I was in Texas a few years ago, giving a speech in the elementary school auditorium. She was sitting in the front row. She laughed at all my jokes. She laughed first. She laughed loudest.

The girl wore a scarf over her bald head, and she was dressed in pajamas. Her frail little body was puffy from cancer treatment medication.

She had gotten out of the hospital just to come see me. She had read my books. She read them in the hospital multiple times. When we met backstage, we got our pictures together. I signed her books.

She asked about my dogs. I asked about her life. We hung out.

Before I left, the kid gave me a hug. The girl squeezed so hard I felt my ribs creak. She just kept hugging me while her mother stood back and watched.

Mid-hug, the little girl said, “I’m sorry, but I don’t know when I’m ever gonna be able to do this again, so I wanna make it a good one.”

So we just hugged for, I don’t know, five or six minutes. I remember at one point my back started to hurt. Truthfully, it was a little strange to hug a kid for that long. But I never forgot it.

My wife and I left the auditorium and walked out to the car. I removed my sportscoat and hung it on the backseat. The girl’s mother approached me. The woman told me her daughter was dying. She told me her family was already doing bucket-list stuff, preparing for the end. They were taking her to Disney World, the Grand Canyon. That kind of thing.

The mother started weeping right there, and I didn’t know what to do so I hugged her, too. We stood in a parking lot for a long time.

And I was thinking to myself, how did this happen to me? How in the name of heaven did I find myself here, hugging strangers in Texas? The experience was surreal, and it affected me deeply.

We parted ways. I had a six-hour drive to my next speaking gig. I pulled over at a West Texas gas station in the middle of the night, and I had an emotional breakdown while pumping gas.

I’ve written a lot about terminal kids in my fledgling career as a writer. But when you hold a dying child, when your shirt is wet with their mother’s snot and tears, it does something to you.

I loosely stayed in touch with the girl via email. Over time, she kept getting worse. The funny thing is, in the girl’s messages, she always encouraged me. She never once asked for pity. She never once complained.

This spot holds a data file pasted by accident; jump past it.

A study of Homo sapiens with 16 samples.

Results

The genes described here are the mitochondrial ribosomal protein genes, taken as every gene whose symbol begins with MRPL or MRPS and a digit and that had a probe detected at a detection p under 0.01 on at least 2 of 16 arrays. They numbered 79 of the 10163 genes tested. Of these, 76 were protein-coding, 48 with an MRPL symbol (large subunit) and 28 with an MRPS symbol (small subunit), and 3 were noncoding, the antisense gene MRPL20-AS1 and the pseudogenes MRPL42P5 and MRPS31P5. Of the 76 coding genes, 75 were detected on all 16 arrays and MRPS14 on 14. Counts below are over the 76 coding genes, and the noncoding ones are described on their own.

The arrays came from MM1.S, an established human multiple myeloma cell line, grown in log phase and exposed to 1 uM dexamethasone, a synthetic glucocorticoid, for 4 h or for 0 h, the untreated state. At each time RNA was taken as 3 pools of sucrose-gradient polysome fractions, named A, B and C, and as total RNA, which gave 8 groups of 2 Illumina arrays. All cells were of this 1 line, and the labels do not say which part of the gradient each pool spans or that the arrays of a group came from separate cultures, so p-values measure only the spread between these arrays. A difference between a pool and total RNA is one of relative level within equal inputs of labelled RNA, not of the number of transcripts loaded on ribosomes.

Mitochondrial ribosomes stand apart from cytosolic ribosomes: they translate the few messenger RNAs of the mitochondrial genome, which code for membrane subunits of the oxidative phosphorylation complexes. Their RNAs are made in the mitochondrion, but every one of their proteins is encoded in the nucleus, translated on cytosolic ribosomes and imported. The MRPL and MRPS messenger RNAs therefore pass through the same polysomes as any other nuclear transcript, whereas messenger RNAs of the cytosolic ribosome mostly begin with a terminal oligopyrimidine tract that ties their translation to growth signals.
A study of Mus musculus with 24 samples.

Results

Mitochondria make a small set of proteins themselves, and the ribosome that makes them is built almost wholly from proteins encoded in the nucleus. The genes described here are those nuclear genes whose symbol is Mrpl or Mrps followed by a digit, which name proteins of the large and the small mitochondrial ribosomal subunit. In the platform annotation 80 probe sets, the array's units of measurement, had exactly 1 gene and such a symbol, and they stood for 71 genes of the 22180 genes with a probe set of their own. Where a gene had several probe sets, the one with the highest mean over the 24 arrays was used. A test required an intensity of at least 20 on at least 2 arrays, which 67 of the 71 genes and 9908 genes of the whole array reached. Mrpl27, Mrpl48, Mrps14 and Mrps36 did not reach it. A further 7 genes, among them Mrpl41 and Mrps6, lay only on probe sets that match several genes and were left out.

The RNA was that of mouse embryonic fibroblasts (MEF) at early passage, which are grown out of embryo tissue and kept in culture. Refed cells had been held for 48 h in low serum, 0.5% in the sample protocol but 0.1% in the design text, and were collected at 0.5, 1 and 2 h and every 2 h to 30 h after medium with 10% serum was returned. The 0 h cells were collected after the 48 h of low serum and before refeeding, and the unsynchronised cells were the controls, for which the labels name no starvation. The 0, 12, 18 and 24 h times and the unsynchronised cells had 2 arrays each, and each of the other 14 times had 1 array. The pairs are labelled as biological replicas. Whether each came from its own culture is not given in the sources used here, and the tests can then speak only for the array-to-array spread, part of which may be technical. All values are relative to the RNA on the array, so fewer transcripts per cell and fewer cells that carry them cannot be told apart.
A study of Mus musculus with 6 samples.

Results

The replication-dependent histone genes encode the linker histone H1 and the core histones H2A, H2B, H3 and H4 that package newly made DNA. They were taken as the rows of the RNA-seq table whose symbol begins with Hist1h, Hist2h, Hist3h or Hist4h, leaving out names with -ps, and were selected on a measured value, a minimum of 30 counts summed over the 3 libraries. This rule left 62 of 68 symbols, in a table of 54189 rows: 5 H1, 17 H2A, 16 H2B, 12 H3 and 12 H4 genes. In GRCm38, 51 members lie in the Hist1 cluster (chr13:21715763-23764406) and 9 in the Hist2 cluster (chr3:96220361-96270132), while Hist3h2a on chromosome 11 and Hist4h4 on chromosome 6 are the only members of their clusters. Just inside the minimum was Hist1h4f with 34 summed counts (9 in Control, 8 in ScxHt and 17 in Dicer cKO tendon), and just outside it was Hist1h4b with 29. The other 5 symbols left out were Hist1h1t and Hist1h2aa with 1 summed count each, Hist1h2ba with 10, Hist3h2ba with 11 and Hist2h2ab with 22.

I wrote a few columns about her and kept her name anonymous. Her mom would send me emails with photographs, and in each photograph, the little girl looked a little more like a skeleton in each photo.

My wife and I prayed for her every night at supper. I’m not a religious guy, but when you write human interest stories full-time, you end up with a pretty long prayer list. My wife and I usually say marathon prayers before supper, mentioning everyone we can, trying not to leave anyone out. This little girl was always at the top of my list.

“God, please heal her…” we would say. And sometimes I wouldn’t feel like eating after our prayer.

She quit writing to me. I sent several emails, but never got answers back. Years went by. I thought about her often. It didn’t take a genius to reason that life had stepped in and delivered a cruel blow. Because that’s how life works.

Then, one day, not long ago, I was sitting in my office, writing, when there was a knock at the door. I thought it was the mailman or maybe an Amazon delivery. On my doorstep was a beautiful teenage girl in jeans and a T-shirt. Her hair was golden. She was tall and healthy.

“Can I help you?” I said.

She smiled. “You mean you don’t recognize me?”

You could have knocked me over with a flick. I’m not sure whether I was crying or smiling. Maybe both.

We hugged, long and hard.

“I’m sorry,” I said, squeezing extra hard, “but I don’t know when I’m gonna be able to do this again, so I wanna make it a good one.”

Sean Dietrich is a columnist and novelist known for his commentary on life in the American South. He has authored nine books and is the creator of the “Sean of the South” blog and podcast. The views and opinions expressed here are those of the author and do not necessarily reflect the policy or position of 1819 News. To comment, please send an email with your name and contact information to Commentary@1819News.com.